How to use STAR technique to answer competency-based interview questions

How to use STAR technique to answer competency-based interview questions
How to use STAR technique to answer competency-based interview questions

posted 12 Jul 23

Firstly, congratulations on securing a job interview.

Well done, you’ve got the interview booked in, and you’re probably ecstatic – so you should be! Now, time to give yourself the greatest chance of success and prepare for your job interview by learning how to answer competency-based interview questions using the STAR technique.

Competency-based interview questions are designed to test your ability to handle situations you may face in the workplace. These questions offer an opportunity to showcase your expertise, experience, and soft skills to the potential employer. With this in mind, we asked our recruitment experts who help guide candidates through the interview process and place them in their desired job every day to provide professional insight.

Interview questions will be driven by a framework that is required for the job. For example, a chief financial officer may require analytical skills, or a customer service role may require conflict management skills. Nevertheless, competency-based interview questions will follow a similar pattern and will often start with one of these three openings:

  • “Tell me about a time when you...”
  • “Give an example of a time you…”
  • “Name an instance when you…”

This similarity means we can apply a technique to answer any question they ask you! The method we advise you to use is called the STAR technique, which is a mnemonic for memorising Situation, Task, Action, and Result. On top of this, our experts advise you to take your answers to the next level by adding an additional step in the STAR technique, to make it the 'STARR' technique. Read on to find out what the final ‘R’ stands for.

Answer competency-based interview questions using the STAR(+R) technique

Answering a competency-based interview question by following the STAR(R) technique ensures that you are ticking all the boxes your interviewer is looking for in each answer.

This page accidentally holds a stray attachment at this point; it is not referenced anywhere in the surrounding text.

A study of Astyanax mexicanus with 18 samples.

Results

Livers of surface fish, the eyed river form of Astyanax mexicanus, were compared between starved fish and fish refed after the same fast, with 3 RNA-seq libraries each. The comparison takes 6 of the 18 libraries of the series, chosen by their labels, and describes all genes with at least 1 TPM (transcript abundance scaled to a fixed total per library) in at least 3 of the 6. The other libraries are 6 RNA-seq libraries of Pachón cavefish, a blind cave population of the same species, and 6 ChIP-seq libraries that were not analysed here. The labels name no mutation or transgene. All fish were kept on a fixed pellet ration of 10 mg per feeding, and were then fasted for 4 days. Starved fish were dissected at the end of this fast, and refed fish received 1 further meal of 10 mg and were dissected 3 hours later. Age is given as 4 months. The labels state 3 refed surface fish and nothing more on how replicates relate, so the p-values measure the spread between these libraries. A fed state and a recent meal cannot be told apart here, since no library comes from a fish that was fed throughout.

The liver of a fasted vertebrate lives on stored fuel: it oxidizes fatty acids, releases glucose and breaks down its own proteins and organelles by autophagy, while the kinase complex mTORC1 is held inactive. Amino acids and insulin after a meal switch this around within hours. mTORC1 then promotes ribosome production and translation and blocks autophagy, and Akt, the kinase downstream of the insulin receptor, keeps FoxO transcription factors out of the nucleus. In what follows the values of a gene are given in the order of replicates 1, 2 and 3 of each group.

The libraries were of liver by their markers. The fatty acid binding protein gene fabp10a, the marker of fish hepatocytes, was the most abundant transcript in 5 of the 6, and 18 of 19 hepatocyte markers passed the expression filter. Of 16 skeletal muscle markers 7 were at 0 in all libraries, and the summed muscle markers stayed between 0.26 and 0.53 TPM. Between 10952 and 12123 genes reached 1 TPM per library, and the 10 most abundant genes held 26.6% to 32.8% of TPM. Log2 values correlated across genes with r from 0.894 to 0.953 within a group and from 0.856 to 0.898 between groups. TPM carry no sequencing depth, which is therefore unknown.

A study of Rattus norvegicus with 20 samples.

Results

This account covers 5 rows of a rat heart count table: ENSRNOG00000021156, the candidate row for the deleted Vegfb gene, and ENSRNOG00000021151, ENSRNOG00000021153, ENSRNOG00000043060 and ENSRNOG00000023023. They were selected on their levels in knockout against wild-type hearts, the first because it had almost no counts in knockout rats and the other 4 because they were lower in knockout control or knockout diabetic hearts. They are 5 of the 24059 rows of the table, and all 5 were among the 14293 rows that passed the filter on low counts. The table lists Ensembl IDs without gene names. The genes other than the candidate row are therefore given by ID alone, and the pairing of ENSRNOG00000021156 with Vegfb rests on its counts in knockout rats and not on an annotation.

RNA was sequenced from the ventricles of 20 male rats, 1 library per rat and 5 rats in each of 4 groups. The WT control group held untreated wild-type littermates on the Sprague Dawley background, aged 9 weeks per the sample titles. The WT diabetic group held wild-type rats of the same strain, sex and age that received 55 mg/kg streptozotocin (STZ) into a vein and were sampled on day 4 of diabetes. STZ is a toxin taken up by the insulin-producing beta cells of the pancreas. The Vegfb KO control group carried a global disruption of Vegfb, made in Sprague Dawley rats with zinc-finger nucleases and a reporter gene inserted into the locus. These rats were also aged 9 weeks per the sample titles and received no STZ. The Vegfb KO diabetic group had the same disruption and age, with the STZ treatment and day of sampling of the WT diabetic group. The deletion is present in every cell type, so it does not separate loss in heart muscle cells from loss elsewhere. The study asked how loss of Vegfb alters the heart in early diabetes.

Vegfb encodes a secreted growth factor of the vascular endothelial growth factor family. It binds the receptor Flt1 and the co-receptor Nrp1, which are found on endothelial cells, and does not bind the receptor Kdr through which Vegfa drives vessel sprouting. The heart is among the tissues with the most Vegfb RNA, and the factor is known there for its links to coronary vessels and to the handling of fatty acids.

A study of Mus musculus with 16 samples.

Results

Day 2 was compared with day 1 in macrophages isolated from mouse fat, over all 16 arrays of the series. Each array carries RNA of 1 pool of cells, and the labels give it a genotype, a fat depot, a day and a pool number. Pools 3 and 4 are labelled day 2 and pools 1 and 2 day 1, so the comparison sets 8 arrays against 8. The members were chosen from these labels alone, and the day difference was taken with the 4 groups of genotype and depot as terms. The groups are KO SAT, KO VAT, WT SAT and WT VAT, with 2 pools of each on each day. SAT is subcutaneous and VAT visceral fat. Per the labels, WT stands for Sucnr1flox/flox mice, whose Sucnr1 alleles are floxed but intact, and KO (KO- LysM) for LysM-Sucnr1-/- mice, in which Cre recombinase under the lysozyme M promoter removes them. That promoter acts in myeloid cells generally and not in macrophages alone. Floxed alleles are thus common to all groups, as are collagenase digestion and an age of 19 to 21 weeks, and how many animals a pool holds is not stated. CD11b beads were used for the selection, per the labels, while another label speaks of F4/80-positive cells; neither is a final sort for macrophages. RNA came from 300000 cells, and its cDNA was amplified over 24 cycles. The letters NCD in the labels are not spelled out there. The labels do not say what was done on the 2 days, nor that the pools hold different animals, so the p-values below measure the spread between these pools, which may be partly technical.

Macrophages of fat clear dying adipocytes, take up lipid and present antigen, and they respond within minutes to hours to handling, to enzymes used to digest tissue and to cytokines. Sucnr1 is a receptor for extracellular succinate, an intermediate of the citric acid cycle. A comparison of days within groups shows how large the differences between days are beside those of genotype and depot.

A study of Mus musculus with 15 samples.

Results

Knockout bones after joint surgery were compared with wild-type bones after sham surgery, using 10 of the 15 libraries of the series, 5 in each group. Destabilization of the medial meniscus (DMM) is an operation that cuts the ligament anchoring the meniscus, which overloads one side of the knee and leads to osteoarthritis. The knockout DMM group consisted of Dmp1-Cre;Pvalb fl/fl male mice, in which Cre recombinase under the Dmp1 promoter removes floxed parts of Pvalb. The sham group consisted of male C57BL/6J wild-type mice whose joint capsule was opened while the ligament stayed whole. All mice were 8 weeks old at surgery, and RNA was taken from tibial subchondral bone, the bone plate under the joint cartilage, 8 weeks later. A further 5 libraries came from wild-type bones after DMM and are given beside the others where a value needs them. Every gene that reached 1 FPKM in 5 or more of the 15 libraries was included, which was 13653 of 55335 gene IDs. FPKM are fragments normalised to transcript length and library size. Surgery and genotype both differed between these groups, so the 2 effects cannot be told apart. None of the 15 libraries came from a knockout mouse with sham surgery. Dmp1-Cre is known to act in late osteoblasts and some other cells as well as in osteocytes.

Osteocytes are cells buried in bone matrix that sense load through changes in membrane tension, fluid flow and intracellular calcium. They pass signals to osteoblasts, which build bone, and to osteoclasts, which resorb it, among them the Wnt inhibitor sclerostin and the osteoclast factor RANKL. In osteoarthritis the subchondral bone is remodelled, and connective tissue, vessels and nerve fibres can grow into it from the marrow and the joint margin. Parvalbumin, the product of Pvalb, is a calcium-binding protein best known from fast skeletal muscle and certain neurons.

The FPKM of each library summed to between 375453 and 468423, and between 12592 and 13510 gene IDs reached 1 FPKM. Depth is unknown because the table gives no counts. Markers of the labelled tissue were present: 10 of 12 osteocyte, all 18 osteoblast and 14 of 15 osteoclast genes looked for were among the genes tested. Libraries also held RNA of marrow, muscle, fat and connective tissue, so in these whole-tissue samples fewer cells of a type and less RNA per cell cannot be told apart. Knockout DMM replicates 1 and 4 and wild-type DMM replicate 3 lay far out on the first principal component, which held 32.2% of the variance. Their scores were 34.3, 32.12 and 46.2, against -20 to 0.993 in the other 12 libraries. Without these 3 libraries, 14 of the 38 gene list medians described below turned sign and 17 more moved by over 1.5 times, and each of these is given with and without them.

The STAR technique is one of the most tried and tested methods when answering interview questions and provides consistent results.

So, here’s how STAR(R) is done:  
Situation Begin your answer by setting the context and describing the overall situation. Describe the context in which you performed a job or faced a challenge at work. For example, perhaps you were working on a group project, or there was a workplace conflict between colleagues. This situation can be from work experience, a volunteer position, or any other relevant event. Be as specific as possible.

The next step requires an explanation of what you were required to do. So, describe your responsibility in that situation. Perhaps you had to help your group complete a project under a tight deadline, resolve a disagreement between colleagues, or hit a sales target.

(YOU, not your team. It is important to understand the power of “I” not “we” in these interview questions)


An explanation of what you actually did. What steps did you take to resolve the situation? Then describe how you completed the task or endeavoured to meet the challenge. Focus on what you did rather than what your team, boss, or colleague did.

Again, make sure that you are saying “I did…” not “we did…”, taking responsibility so the interviewer understands your role and the credit you deserve credit in this situation.


As you near the end of your answer, describe the outcomes of your actions. Don’t worry too much about whether the outcome was positive or negative, be sure to give an honest response.

+ Reflect – To take your answer to the next level after completing the first four steps of the STAR technique, our experts advise you to reflect and review your actions.



In essence, you want to show that you have learned from the situation, whether the result was positive or negative. There should always be something that you take away from every challenge you face. Explain what you think went well or not so well, then describe what you would do differently next time.


Further advice to prepare for your next interview

So, you’ll have the competency-based interview questions mastered using STAR(R) - but what about the rest of the interview?

Preparing people for interviews is something that we do every day. For this purpose, we thought we’d share our Career Toolkit, which offers advice on all stages of the job search process, including interview preparation.

Career goals: Your ultimate toolkit

Career goals: Your ultimate toolkit

For more advice on how to progress in your career, access our free toolkit.